UPRIZINE was founded in 2017, aiming to create conversation and raise awareness surrounding intersectional issues at Temple University Japan through opinion pieces, creative writing, and occasionally, informative journalism. It is run by students and for students, through the TUJ Zine Club. 


Veterans on SA Training in the Military: Grace Bellamy (Part 4)


For our next part in this interview series, current TUJ student and former Navy officer Grace Bellamy kindly answered our questions.

Where did you serve and for how long?

I served in the United States Navy (USN) for 4 years. 3 years in Yokosuka, Japan, and 1 year in Norfolk, Virginia.

What kind of sexual assault prevention training did you receive?

In my four years, there were theatre groups that came to the boat and acted out sexual assault situations. This was in front of all the sailors that were required to attend. There were, of course, online courses like the recent Temple one on assault, drugs, and alcohol. There were also videos that we were required to watch as a division, and then discuss upon the topics viewed. There would be a discussion leader for these videos that would ask questions based on the videos [we] watched.

How much did you retain?

I retained the training done under the visual aids . [It was] “death by PowerPoint” by the online courses [and] I remember nothing about them.

How often did you receive it?

The two visual/video trainings only happened once every year, during my four years. The online courses happened about 2-3 times a year while there was a ship wide weekly training

hour that was always a different topic each week (firefights, QA, alcohol, etc). Only when

there was a recent incident did the “training increase.” Increase, as in maybe an hour

longer than usual or instead of the usual weekly training hour, there would be two training

hours in one week.

In what capacity did you receive this training? i.e. were you alone, in a group and if so what kind of group? Mixed gender, small, large, divided by rank or something else?

Training done alone was always done by the NKO online courses that we were made to do. These courses were done in a way, that if you decided to skip or not do it, you could not leave work until it was done. I never had a gender divided training group. I did have a gender divided small group meeting due to an incident within the department, but the outcome of that was that the two people involved just went to different departments. Nothing else. Other than that, training was done by department and division, and rarely shipwide.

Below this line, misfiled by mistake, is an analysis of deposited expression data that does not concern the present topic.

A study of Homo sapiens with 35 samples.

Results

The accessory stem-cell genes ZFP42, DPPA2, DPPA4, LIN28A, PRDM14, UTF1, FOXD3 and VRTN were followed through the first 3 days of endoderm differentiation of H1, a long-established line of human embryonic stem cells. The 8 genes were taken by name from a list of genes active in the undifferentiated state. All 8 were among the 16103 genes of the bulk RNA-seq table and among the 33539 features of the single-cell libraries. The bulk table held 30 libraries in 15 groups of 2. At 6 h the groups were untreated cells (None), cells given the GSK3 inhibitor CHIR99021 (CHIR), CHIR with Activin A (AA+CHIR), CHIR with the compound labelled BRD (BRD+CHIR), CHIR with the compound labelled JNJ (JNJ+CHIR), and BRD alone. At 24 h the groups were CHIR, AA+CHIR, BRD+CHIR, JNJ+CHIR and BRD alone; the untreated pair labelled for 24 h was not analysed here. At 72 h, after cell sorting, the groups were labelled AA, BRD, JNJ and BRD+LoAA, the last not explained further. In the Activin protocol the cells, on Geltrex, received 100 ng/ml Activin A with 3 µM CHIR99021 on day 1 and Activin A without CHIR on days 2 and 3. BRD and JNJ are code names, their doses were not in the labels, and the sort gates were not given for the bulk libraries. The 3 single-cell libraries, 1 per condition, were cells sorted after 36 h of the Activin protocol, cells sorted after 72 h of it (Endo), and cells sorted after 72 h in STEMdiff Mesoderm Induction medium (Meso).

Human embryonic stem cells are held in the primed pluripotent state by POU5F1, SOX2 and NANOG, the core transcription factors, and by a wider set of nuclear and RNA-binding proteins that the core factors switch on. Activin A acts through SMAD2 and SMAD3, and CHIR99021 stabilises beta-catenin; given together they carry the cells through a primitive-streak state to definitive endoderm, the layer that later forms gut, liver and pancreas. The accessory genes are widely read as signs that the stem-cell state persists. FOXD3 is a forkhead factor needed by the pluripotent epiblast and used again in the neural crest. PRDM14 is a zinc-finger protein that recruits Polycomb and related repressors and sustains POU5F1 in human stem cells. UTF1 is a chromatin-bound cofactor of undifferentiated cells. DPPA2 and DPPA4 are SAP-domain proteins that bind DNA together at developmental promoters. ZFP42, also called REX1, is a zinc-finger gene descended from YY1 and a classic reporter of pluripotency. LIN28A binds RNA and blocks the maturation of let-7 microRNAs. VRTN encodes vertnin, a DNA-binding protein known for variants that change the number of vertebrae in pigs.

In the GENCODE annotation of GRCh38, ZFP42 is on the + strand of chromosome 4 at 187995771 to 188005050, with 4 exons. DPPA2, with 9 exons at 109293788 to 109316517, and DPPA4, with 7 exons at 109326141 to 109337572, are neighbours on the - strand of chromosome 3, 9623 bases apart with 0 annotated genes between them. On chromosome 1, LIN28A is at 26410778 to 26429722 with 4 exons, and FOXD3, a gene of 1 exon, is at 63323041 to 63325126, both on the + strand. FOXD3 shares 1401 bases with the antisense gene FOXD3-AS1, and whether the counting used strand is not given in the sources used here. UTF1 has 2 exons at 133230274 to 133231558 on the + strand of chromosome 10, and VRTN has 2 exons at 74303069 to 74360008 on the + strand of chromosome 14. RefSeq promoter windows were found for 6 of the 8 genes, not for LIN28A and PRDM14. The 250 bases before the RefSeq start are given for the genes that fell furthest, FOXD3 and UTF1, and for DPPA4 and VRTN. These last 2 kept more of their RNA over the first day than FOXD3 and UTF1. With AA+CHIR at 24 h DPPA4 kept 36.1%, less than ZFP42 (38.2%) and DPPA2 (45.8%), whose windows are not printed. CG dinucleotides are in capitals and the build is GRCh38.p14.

How helpful do you think the training was for you personally? How about for your peers?

I will say that due to the situation that created the female small group session [previously mentioned], the training helped inform people of that situation and at the basic level, the problem was answered to and handled. But the outcome was not handled. For me personally, the topic was well “beaten” into me with the redundancy of the training. I feel it helped me learn how to help others that may be assaulted and not know how to act, respond, who to go to etc.; help see the signs of those who may need help.

What do you think could have been improved on in the training the military gave you when you were enlisted? This could be for your personal benefit, or the benefit of others based on your observation of their opinions and retention.

As I was leaving the military, the training for me got better with the videos. Less words, more videos, and more group discussion. This forced people to pay attention instead of watching TV and waiting for the “NEXT” button to appear so a sailor can just finish the training and go home. That’s the situation where the training doesn’t work. The training becomes more of a task that needs to be done, and less of a lesson to be learned for the benefit of oneself and others.

Currently, TUJ is promoting assault and harassment awareness in multiple ways, if you do not know these ways, please inform us. If you do, let us know what you think is working and what is not.

The hotline numbers posted were an awesome upgrade in letting people know that there is help available. Personally, the online course we were all made to do [the other option being] going on academic hold, reminded me of the military too much. I didn’t read or pay any attention to it, but would check into the program to click the next button. Being placed into a group and made to discuss, creates better awareness than leaving people to their own when the topic is so important and heavy.

Does the training you received align with what TUJ is currently promoting?

Yes. In general, the direction TUJ is going is the right direction.

Do you think the way TUJ is addressing sexual assault is helpful for the student body? In regards to retention? Impact?

Yes, because before there was nothing at all, and the people behind making this an important issue and topic of discussion are continually talking about it, but not in an overbearing manner. Reaching to social media outputs and general outputs and talking about it. That’s what the school needs, people who are willing to talk and keep awareness [up], unlike those who wish to ignore the issues and tell others to do so otherwise.

Lily interviewed Grace via email. It was important for us to include not only men in this series, but female veterans as well. They can provide varying experiences and recommendations for TUJ that are incredibly valuable. We thank Grace for her insight and input!

Keep an eye out every Monday, for a new installment of this six part series!

Click here to read a little bit more about why we decided to do these interviews.